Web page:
IVF - Special Treatments

Fertility treatments - IVF - Special Treatments


Which special forms of IVF exist and which ones apply when?

If a sperm sample contains a sufficient number of motile sperm and there are also sufficient eggs available, direct fertilisation is used. If the sperm count does not meet the required conditions, there are alternative treatments that can also be given at our fertility centre. These treatments include ICSI, MESA, TESE, Assisted Hatching and PGD or PGS.

Intracytoplasmic sperm injection (ICSI)

In the ICSI technique, a single sperm cell is injected into the cell plasma of each egg cell with an ICSI needle. An ICSI needle is only 7/1000 of a millimetre wide (exterior diameter). The sperm is introduced into the egg cell itself through the cell wall.

ICSI is used when there are too few sperm for spontaneous penetration of the cell wall of an egg to occur, or when the sperm are too weak because their motility (mobility) is too low.

The perfection of the ICSI technique in 1993 made it possible to achieve fertilisation in the vast majority of all cases of male infertility.

More information about ICSI


Microscopic Epididymal Sperm Aspiration (MESA)

MESA is an operation in which mature sperm cells are taken from the epididymis under general anaesthetic. This kind of operation is used in men whose semen does not contain any sperm, for example because the vas deferens is blocked (obstructive azoospermia). A blockage of this kind can be innate or acquired, but often the exact cause is not known. A typical indication is when a man who has previously been sterilised (sealing of the vas deferens) decides he does want to have children after all.


Testicular Sperm Extraction (TESE)

If no sperm cells can be found in the man's ejaculate, TESE is used to extract the sperm directly from the testicle (testis). Then the extracted sperm are introduced into the egg by ICSI. A disadvantage of the TESE procedure is that the chance of pregnancy is somewhat lower per cycle than with ordinary ICSI attempts, because the sperm are often still very immature.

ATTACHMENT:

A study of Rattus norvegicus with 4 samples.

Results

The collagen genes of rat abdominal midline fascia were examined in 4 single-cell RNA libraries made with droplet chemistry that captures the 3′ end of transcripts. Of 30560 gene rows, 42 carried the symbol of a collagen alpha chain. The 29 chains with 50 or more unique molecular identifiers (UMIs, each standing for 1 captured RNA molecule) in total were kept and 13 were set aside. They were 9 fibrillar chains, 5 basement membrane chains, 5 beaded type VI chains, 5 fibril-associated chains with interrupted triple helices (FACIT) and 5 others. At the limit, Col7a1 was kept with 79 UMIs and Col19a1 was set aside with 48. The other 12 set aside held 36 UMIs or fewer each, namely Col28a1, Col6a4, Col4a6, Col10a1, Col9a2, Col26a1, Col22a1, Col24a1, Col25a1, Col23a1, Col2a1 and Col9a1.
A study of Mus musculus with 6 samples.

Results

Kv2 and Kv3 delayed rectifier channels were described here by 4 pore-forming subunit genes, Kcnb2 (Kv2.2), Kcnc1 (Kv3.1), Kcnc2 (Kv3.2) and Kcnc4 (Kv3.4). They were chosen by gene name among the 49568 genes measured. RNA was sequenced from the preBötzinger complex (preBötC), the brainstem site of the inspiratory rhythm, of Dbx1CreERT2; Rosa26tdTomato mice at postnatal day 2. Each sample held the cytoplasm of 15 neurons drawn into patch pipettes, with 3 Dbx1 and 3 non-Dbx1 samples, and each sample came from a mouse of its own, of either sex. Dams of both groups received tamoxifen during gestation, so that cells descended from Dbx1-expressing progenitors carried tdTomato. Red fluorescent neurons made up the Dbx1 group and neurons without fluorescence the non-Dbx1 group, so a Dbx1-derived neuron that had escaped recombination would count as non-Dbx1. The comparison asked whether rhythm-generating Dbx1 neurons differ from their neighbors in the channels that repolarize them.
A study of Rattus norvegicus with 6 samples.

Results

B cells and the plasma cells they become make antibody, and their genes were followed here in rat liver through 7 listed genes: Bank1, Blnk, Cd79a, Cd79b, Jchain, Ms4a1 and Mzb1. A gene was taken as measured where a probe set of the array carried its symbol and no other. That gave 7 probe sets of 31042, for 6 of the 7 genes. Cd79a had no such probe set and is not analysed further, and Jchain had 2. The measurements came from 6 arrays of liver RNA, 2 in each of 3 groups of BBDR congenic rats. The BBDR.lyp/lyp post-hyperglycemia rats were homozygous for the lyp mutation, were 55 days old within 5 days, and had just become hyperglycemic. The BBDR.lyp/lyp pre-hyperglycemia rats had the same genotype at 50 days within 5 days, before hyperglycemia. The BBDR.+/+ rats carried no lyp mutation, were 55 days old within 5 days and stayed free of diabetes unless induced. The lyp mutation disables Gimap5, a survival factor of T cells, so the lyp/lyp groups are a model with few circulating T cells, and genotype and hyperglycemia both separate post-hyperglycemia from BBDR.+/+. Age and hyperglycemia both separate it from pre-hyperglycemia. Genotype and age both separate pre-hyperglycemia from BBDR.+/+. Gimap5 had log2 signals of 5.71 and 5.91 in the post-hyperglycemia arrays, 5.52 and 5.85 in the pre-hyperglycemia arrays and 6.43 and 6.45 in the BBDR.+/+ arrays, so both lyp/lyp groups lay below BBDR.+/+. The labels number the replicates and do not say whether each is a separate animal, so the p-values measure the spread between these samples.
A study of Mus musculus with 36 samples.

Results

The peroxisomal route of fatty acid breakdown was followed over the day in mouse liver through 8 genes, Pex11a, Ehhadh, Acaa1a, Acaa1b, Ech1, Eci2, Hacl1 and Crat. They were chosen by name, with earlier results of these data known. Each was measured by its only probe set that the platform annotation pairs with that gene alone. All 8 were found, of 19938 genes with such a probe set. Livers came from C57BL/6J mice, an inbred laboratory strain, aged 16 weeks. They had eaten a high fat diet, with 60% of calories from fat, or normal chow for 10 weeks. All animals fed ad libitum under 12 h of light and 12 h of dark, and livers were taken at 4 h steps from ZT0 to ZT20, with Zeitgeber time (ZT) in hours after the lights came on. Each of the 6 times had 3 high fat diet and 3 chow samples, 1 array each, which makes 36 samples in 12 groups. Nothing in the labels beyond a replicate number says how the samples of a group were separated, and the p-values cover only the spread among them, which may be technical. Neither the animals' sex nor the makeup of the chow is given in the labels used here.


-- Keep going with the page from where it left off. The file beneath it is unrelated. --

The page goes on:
Assisted Hatching

This technique is used to assist the implantation phase. Particularly with patients who have experienced repeated implantation failures, it may be important to weaken the wall around the embryo. In assisted hatching, an ultraviolet laser is used to make holes in the zona pellucida (wall) of the embryo, to allow the embryonic structures to grow through it more quickly and make contact with the lining of the womb (endometrium). In the latest techniques, however, the aim is to achieve thinning of the wall rather than making holes in it, to avoid any thermal effects on the blastomeres (assisted thinning).


Preimplantation Genetic Diagnosis (PGD) or Screening (PGS)

For couples who are carriers of genetic conditions and who do not have any actual fertility issues, PGD can be used.

In this method, one or two blastomeres are removed at the eight-cell embryonic stage for genetic examination. During this examination, the embryos continue to grow. Only those embryos that are not carriers of the specific genetic condition being investigated are returned to the womb. This is a way of avoiding diseases such as Duchenne muscular dystrophy or Huntington's disease, and moreover of removing them for good from the family tree.

For example, this technique has also been used recently in families with the inherited form of breast cancer. However, an obvious problem is that not all genetic conditions can be traced within the short time frame available (two days) in one or two cells.

In PGS, the chromosomes are examined at a more general level by means of one or two blastomeres that are also removed at the eight-cell stage. In this way, chromosomal abnormalities such as Down's syndrome can be avoided. For example, if implantation repeatedly fails, an increased incidence of chromosomal abnormalities is sometimes found. PGS may offer a potential solution here.

The selection of sex can also be done in this way, but in Belgium it is strictly limited by law to medical indications (for example, inherited conditions that are closely related to sex). ‘Designer babies,' as they are known, are not possible at present, and in any case there is not yet any legal framework that would allow such selection.

The biopsy of the embryo and the preparation of the cells to be examined are done in the fertility centre at Jan Palfijn General Hospital. Then the cells are transferred in a suitable medium - depending on the medication - to the genetic centre at Ghent or Brussels University Hospital, with which Jan Palfijn General Hospital has partnership contracts.